The Slow and Savory Review
Its been a few weeks since Brandy visited her dear friend Baranina, infamous Polish popstar, who was stranded in Evanston due to some repairs being made to her private jet, so you can imagine Brandy's surprise when she got a call from Baranina, saying she was still there. "What on earth happened to your jet that its taken a month to fix?" Brandy exclaimed. "It was the solid gold cup holders. One of them cracked and had to be melted down and smelted again, but they couldn't find the original mold. In any case, its fixed now and I'm about to leave, so I would love to see you one more time." Rolling her eyes so hard Baranina could practically hear it over the phone, Brandy agreed to meet with her once more before Baranina once again set off on her world tour.
This time, they chose an unassuming little coffee house in Evanston called Unicorn Cafe. Brandy was immediately taken by its name, as she has always had an affinity for the magical beings. "I think I saw one once when I was a child," she told a sceptical Baranina, "I was gathering wildflowers in the woods one day and I saw a white flash run through the trees. I know it was a unicorn because my father had always told me those woods were infested with them. Of course, he also said there was a mermaid in the pond in our back garden, but that turned out to be a larger than average slug." Though hopes were high, both ladies were a little let down to find the interior of the place to be an odd combination of classic coffee shop hardwoods and cream colored walls, decorated with kitschy unicorn memorabilia, pictures, and nik-naks. "They need to pick one side or the other," Brandy grumbled, "Either go keep it classy with more majestic unicorn decor, or dive in head first and paint the walls rainbow." She and Baranina waded through the sea of students, who were all plugged into their various electronic devices, oblivious to the world around them, to a tiny table in the far corner.
Having staked their claim, they approached the large counter at the front of the shop to place some orders. Brandy had a hard time getting the attention of the young girl at the cash register, who halfway through Brandy's order began conversing with one of the other employees. Brandy gave her several stern coughs and eventually finished her order.
The ladies started off with some classic cafe drinks: Iced Coffee and a Chai Latte. Both were not much more than average flavor-wise. Both Brandy and Baranina thought the drinks tasted rather watered down, but at least the portions were fairly generous.
While they had both ordered some sandwiches, Brandy and Baranina decided to snack on some sweet treats while they waited for their lunch to be brought to the table. Brandy chose a slice of Lemon Cheese Pie, un unusual decision for her as she normally steers away from anything lemon flavored (Brandy had a tragic childhood incident with some furniture polish she has never quite recovered from). She found the pie to be quite bright and pleasant, with a creamy texture to the filling that kept the lemon from being too overpowering Even the crust had a nice flakey consistency without being too thick. Baranina picked a Red Velvet Cupcake, which was not quite as good as the pie. The cake was extremely dry and flavorless, crumbling to nothing every time a bite was taken, and the frosting was overly sweet and chalky. "This is why I usually only eat cupcakes made fresh by my personal chef," Baranina said, setting the unpleasant pastry down.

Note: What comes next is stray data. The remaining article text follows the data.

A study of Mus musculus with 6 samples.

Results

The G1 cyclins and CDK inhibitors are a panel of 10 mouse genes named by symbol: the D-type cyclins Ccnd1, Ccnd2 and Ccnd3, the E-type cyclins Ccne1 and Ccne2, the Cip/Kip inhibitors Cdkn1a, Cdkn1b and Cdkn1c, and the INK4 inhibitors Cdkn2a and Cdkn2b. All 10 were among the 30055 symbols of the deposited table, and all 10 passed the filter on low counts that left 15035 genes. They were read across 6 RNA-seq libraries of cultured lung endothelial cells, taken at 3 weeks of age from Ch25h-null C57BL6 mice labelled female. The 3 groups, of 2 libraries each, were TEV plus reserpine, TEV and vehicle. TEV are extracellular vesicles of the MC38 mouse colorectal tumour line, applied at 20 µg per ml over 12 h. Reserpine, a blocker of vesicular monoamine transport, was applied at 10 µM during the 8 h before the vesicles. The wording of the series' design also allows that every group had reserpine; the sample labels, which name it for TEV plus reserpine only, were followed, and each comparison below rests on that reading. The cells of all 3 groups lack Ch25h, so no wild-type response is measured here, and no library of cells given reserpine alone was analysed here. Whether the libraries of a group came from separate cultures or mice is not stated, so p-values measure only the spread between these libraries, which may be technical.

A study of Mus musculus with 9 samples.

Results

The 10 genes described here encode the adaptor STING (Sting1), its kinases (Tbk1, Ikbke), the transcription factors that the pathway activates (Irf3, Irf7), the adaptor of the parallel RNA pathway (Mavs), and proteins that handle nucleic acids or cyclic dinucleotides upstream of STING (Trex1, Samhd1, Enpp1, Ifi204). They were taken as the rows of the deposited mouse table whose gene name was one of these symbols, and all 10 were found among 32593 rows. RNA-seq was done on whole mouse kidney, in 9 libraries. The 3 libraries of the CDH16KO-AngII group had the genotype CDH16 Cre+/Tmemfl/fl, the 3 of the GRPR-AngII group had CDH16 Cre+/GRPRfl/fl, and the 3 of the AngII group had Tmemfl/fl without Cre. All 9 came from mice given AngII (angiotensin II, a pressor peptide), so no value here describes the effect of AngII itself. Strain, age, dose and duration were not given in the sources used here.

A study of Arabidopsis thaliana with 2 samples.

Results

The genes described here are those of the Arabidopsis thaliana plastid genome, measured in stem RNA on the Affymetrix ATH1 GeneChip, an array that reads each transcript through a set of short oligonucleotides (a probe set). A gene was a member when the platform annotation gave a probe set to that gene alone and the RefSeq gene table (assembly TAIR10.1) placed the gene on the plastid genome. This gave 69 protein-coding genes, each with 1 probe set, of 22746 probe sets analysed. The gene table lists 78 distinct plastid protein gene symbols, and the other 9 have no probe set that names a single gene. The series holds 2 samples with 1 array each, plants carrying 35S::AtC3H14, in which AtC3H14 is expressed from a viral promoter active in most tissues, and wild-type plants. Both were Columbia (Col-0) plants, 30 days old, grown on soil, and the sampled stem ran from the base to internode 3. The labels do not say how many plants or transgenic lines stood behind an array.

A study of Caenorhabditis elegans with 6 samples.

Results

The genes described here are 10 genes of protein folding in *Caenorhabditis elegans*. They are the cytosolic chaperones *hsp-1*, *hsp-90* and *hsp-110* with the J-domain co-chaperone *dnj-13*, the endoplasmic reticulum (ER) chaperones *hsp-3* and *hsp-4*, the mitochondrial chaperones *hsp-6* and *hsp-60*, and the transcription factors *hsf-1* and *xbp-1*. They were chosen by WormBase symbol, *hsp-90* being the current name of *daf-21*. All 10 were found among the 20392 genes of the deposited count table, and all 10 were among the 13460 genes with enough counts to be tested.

The sandwiches arrived shortly after. Baranina had picked the Moroccan Panini, which consisted of some grilled eggplant, sweet basil, tomato, and Swiss cheese. All in all, the sandwich was pretty flavorful though the veggies caused it to get soggy very quickly, even though it had been toasted. Baranina had to resort to a fork and knife towards the end.
Brandy chose the Reuben, a classic deli sandwich made from roast beef (as opposed to the more traditional corned beef), Swiss cheese, sauerkraut and tangy dressing. She found the sandwich extremely bland lacking in flavor. Because roast beef had been used in place of corned beef, there was practically no seasoning, and an almost nonexistent portion of sauerkraut didn't help to boost the eating experience. "This food is sadly not as magical as the name of this establishment would imply," Brandy sighed.
Though the prices weren't terrible, between the uninterested employees, the lackluster edibles and drinkables, and the confusing atmosphere, Brandy wasn't sorry to see the outside of Unicorn Cafe. "Perhaps the next time you visit," she said to Baranina as she hugged her goodbye, "We'll be able to find somewhere a little more promising. I've heard good things about this place called Starbucks."
The Short and Sweet Review
Bunny and Brandy-Hi, my name is Brian O'Neill, and I am writing on behalf of ipoll.com/blog, a site about culture and the media. I am so sorry to post this in the comments section, and of course please delete after you have read, but for some reason the contact link wasn't working. I blame my computer. Anyway, we're doing a story on foodie reviews- specifically, negative ones, and their impact on restaurants and chefs. I am reaching out to you due to your expertise and passion for the subject of food. Of course, any quotes we use will be attributed to you, and we will link back to your site.ReplyDelete
How do you personally go about writing a bad review? Is it more or less fun than writing a positive one? Do you try to find something good in any place, or have you found establishments that are just all bad? Any help you can give would be appreciated- we'd love to be able to use some of your insight for the article. And, though this blog is not for a specific audience, I myself am a Chicagoan, and will be sure to keep reading your site. I am hungry just going over it!